Good documentaries stay with you long after you’ve left the cinema, and work their way into the conversations you have in the days following.
Here are the best documentaries at the Melbourne International Film Festival (MIFF) – along with some conversation starters to go with your post-film bottle of wine.
Would you ever compete in this extreme endurance sport?
When journalist David Farrier first heard about the world of competitive tickling he thought it would make for an interesting investigation. But as he started to look into it he received pushback and legal threats from his subjects, and things began to look less fun and more sinister.
“It’s a great piece of investigative journalism and a legitimately stranger-than-fiction story,” says MIFF programmer Al Cossar. “He exposes the dark, seedy underworld of the competitive-tickling circuit and the shadowy, sociopathic figure that lurks behind it.”
Tickled has also provoked controversy off screen. Police were called to Sundance after some of the film's subjects reportedly crashed the premiere with a hidden recording device. "The filmmaker himself was served papers at the True/False Film Festival, and there was another confrontation in Los Angeles about a month ago”, Cossar says.
What happens to a small town after an unthinkable tragedy?
Newtown follows the aftermath of the shooting at Sandy Hook Elementary School in Newtown, Connecticut in December 2012. The film takes a highly personal approach; filmmaker Kim A. Snyder shows the way the tragedy changed the day-to-day lives of the victims’ families.
“It looks at a community trying to rebuild itself and come to terms with the unimaginable shock of one of the deadliest massacres in US history,” says Cossar. “It’s a devastating film, as you’d expect it to be, but it also has a degree of hope in it. It really speaks to people’s interest in understanding these situations that are ongoing. The film gives personal context to a community of people trying to understand something that will never make sense. It’s very elegantly made.”
Filmmaker Kim A. Snyder will attend as a guest of the festival.
Why do we relate to this charismatic loner “trapped on a farm”?
US Marine-turned-farmer, Peter, has a love-hate relationship with the rural existence he feels he is trapped in. While this film is a character documentary about an unusual and charismatic man, the themes explored are almost universal.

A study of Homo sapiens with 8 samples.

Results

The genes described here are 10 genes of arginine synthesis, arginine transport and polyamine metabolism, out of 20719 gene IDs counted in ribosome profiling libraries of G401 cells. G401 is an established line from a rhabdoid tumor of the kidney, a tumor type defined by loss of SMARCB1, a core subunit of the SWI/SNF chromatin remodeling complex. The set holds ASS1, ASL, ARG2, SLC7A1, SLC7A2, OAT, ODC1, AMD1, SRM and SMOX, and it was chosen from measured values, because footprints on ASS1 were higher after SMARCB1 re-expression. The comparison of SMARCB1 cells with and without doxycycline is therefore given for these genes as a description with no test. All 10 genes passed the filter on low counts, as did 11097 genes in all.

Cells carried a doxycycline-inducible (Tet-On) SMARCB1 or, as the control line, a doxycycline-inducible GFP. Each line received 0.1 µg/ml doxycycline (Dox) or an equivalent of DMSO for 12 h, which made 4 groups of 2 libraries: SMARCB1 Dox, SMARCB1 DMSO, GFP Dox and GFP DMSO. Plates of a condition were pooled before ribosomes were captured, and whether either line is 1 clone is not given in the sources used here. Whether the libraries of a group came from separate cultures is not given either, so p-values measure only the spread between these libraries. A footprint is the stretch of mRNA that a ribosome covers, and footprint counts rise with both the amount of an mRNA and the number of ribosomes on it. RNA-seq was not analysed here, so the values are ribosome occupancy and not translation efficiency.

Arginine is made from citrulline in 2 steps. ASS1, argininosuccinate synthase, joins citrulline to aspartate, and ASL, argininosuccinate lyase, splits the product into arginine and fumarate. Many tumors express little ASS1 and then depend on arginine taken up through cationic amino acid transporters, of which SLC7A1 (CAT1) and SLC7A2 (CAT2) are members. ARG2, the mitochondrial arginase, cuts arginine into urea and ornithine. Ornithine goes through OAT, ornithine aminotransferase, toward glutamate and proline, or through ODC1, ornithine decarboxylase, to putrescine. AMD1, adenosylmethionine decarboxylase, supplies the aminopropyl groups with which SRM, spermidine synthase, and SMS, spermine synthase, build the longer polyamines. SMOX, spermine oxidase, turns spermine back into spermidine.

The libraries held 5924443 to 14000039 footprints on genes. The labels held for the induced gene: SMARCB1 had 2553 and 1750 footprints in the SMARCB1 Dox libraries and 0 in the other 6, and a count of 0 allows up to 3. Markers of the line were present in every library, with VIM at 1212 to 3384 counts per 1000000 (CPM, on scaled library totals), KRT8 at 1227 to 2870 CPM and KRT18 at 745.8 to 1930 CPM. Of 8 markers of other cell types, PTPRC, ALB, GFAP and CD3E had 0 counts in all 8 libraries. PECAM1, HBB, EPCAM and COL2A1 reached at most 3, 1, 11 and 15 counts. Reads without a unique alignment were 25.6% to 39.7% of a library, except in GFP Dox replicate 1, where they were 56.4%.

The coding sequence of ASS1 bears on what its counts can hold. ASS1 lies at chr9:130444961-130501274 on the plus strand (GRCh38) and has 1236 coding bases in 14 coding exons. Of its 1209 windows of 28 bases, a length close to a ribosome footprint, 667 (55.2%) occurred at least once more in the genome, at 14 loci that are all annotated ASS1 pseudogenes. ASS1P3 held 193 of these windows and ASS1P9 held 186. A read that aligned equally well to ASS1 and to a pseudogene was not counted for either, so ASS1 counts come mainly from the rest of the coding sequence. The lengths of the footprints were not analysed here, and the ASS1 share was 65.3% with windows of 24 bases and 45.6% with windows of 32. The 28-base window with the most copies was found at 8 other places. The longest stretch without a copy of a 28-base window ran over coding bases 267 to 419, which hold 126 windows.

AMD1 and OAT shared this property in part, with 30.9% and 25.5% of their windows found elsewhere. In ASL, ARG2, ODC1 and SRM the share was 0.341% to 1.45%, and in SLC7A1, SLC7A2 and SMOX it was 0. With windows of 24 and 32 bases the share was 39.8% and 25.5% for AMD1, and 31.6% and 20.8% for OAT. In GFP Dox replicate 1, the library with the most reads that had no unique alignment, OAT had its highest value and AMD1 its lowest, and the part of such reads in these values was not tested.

“It’s a film that doesn’t shy away from showing the reality of his rural existence,” says Cossar. “He’s an amazing subject for a documentary … willing to unpack and unfurl himself on camera,” which is rare, according to Cossar.
The film is beautiful in the way it follows the seasons, “but it also has no sentiment about it,” says Cossar. “It’s very brusque. It’s hilarious, but also sad and melancholic. You get pushed and pulled in this movie in terms of how you relate to the character and his circumstances.”
How can you find hope in seemingly hopeless situations, such as living in an Iranian women’s juvenile detention facility?
Documentarian Mehrdad Oskouei takes viewers inside a high-security correction centre in Iran to examine the female experience of law and order in Iran.
Cossar says its brilliance comes from the powerful first-hand testimonies given by the inmates. “It features pre-pubescent-through-to-adolescent girls and [lets] them speak … hearing all of their circumstances,” says Cossar. The girls’ offences range from misdemeanours through to murder. “These girls are trapped inside a very repressive and patriarchal system,” says Cossar. “It’s a fascinating and open-book look at the circumstances of these young women.”
Is it possible to make an honest movie about the Church of Scientology if it doesn’t really want you to?
This is a film about the difficulties of making a film about the Church of Scientology by the highly sceptical Louis Theroux.
“He’s a serious-minded chronicler of some very eccentric situations, some very fringe, tragic and terrible situations,” says Cossar. “I feel like he’s very well placed to capture the ideology and some of the egos that surround the Church of Scientology and its teachings. “Everything he uncovers brings him closer to this organisation, which is very belligerent in the way it allows itself to be represented on screen.” There are scenes in which Theroux is filming a church boundary. Within five minutes the church turns its own cameras on him, and a stand-off ensues. It feels very much like David and Goliath in terms of filmmaker versus subject.”
The Melbourne International Film Festival runs from July 28 to August 14.
It's important to find somewhere to digest the films you see. Explore our guide to eating and drinking in Melbourne during MIFF.